Six months ago, Alina Kehl didn’t speak a word of the Turkish language, but now she is a reigning Canadian champion and won a bronze medal at the Turkish Olympiad held in June. The 11-year-old Floradale resident only started taking lessons back in March after her parents, Chris and Leon, hired a PhD student from the University of Waterloo to teach her the language.
Every year the local Turkish community in Kitchener holds a friendship dinner in November and they invite the community to join them, and Alina’s parents were among those who went last year.
“Afterwards, we were told about this Turkish Olympiad and were asked if our girls would be interested in it at all and learning some Turkish,” said her father, Leon.
Alina, along with her older sister Danielle, started taking lessons once a week and after learning the basic phrases such as hello (“merhaba”) and goodbye, Alina decided to study music and her sister focused on poetry.
Eventually, the pair was asked if they wanted to compete in the Canadian Turkish Olympiad, a linguistics competition held in Toronto in May; although Danielle felt she was not prepared enough for it, Alina agreed to enter.
The competition was broken down into three categories, the foreign language song category and foreign language poetry categories for contestants did not speak Turkish as their native language and the mother-language poem category in which contestants were native Turkish speakers.
Alina performed a traditional Turkish lullaby in the foreign language song category in front of the judges and about 500 audience members, and despite some early nerves was chosen as the winner.
Alina had performed in the school and church choir, but never a solo alone on stage. She said another contestant, Zehra Nur Sasal from Ottawa, helped calm her nerves and actually went on to win her category as well for best mother-language poem.
“She said that she would pray for me that I would do well and would get through it,” said Alina.
The scores were based equally on familiarity with the song; pronunciation and intonation; understanding of the song; gestures; and melodic performance. Alina also took home $250 for her first-place finish.
The win was a big surprise for her family as well, who almost didn’t enter her in the competition.
“We were thinking they would study for a year and then compete, and we thought it was too soon, but we talked it over and Alina said she would enter,” said Leon, adding it was humbling to see their 11-year-old daughter beat other contestants who were between the ages of 12 and 16 and who had been attending Turkish-language schools much longer than Alina.
“We found out afterwards that she was supposed to be 12 years old to compete, but Turkish rules are more like suggestions,” laughed Leon.
With her win in Toronto, Alina represented Canada along with the other two winners at the ninth annual Turkish Olympiad from June 15 to 30, quite a big step for a girl who had never even been on a plane before.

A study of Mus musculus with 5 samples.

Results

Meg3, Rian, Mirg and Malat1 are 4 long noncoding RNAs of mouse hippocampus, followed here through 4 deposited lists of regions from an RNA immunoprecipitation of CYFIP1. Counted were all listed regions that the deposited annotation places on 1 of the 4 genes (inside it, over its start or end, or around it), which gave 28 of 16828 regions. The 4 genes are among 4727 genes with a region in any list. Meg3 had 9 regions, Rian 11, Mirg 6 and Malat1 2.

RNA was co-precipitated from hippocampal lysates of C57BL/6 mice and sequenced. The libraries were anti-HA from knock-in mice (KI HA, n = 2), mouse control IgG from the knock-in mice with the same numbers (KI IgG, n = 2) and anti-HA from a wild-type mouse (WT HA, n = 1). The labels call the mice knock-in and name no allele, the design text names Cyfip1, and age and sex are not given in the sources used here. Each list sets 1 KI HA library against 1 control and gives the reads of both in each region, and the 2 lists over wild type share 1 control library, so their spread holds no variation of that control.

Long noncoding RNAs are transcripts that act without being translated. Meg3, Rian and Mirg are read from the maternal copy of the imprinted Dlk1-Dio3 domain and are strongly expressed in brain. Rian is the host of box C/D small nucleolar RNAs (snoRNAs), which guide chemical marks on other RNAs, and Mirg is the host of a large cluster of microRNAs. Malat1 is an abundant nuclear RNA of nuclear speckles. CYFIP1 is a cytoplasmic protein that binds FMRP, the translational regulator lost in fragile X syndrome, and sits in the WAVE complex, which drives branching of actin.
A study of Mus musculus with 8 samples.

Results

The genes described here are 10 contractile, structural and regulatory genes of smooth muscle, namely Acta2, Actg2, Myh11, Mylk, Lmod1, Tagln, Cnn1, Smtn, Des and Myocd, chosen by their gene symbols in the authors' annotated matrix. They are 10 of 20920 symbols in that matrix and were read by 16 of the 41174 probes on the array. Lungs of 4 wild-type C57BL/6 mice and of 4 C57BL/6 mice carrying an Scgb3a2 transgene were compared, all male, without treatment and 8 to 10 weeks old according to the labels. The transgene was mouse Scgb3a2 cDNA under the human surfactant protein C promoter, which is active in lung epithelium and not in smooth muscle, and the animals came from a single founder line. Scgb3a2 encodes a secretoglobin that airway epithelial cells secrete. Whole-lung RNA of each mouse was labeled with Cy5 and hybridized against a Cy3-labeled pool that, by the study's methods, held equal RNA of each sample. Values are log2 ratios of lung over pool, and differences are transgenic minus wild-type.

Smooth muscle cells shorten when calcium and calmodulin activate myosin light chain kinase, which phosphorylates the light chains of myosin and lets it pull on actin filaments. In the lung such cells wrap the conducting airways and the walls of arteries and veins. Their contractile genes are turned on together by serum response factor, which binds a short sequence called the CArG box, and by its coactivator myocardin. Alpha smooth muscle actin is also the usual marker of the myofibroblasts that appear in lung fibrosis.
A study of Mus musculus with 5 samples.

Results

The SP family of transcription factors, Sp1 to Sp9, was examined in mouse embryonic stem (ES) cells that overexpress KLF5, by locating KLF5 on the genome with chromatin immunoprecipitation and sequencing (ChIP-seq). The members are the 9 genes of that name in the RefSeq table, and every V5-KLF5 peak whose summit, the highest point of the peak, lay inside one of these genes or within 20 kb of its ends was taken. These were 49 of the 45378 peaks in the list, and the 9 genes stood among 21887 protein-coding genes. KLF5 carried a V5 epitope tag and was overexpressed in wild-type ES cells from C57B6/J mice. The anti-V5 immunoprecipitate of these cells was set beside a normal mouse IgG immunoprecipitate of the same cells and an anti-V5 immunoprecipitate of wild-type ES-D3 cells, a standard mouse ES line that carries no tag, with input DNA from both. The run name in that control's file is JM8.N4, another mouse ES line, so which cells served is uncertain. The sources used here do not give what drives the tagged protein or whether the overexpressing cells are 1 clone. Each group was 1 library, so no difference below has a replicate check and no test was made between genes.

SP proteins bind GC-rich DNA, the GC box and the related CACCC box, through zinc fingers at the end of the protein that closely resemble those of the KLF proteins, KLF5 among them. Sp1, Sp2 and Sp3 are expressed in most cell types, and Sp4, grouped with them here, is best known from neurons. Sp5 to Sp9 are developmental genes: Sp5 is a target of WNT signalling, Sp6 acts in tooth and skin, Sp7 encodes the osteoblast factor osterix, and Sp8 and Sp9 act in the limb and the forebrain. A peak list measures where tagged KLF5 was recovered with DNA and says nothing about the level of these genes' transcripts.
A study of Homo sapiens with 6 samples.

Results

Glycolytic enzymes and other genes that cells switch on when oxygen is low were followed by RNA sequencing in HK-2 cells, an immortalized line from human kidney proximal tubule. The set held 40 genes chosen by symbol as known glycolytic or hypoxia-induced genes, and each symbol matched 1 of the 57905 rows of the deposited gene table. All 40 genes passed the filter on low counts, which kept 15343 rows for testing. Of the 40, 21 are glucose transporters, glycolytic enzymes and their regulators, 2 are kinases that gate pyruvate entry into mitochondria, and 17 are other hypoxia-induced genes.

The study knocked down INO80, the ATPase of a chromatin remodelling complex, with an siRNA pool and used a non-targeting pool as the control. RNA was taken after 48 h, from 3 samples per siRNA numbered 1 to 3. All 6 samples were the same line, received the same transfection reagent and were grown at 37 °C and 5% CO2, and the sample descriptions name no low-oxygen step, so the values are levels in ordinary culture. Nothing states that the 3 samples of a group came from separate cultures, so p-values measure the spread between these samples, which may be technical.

Her mother and one of her sisters accompanied her on the way over, and the rest of her family joined them a few days later.
“It was nerve-wracking, but exciting too,” smiled Alina of the whole experience.
The Olympiad included about 1,000 kids chosen from 15,000 competitors in 130 countries around the world. The theme of the Olympiad, organized by the International Turkish Education Association, was “One language, five billion people,” to signify the world uniting under one common language, according to the event’s website.
With approximately 200 million Turkish speakers, it is the fifth largest language spoken around the world.
“It really is like the Olympics over there. They get excited to see foreigners learn their language and it’s a real source of national pride,” added Leon.
Alina performed the same lullaby for the judges in Turkey in the same category and was recorded and broadcast on television across the country. Despite the fact she only started learning the language three months earlier, she came home with the bronze medal and $600. She credits her success to her love of music.
“You get to talk about your feelings and can really connect with the person who is singing and the people you’re singing to,” she said.
“I just love music and singing.”
She said she spent hours listening to the words and then ran them through her head and repeated them over and over, and she also made use of YouTube and other Internet sites to learn the proper pronunciations of the language.
After the competition the family spent the remaining two weeks in Turkey touring the countryside, playing games with the kids from other countries, and getting their photos taken with fans.
“It felt like we were movie stars,” laughed Alina.
Now that she’s returned home and left the rock-star status behind her, Alina isn’t sure if she will continue with her Turkish classes. She is ineligible to compete in future Olympiads given her bronze medal performance her first time around, and she may decide to focus her energy on new hobbies – or even her Grade 6 French homework.
“This was kind of a special, one-of-a-kind thing,” she said.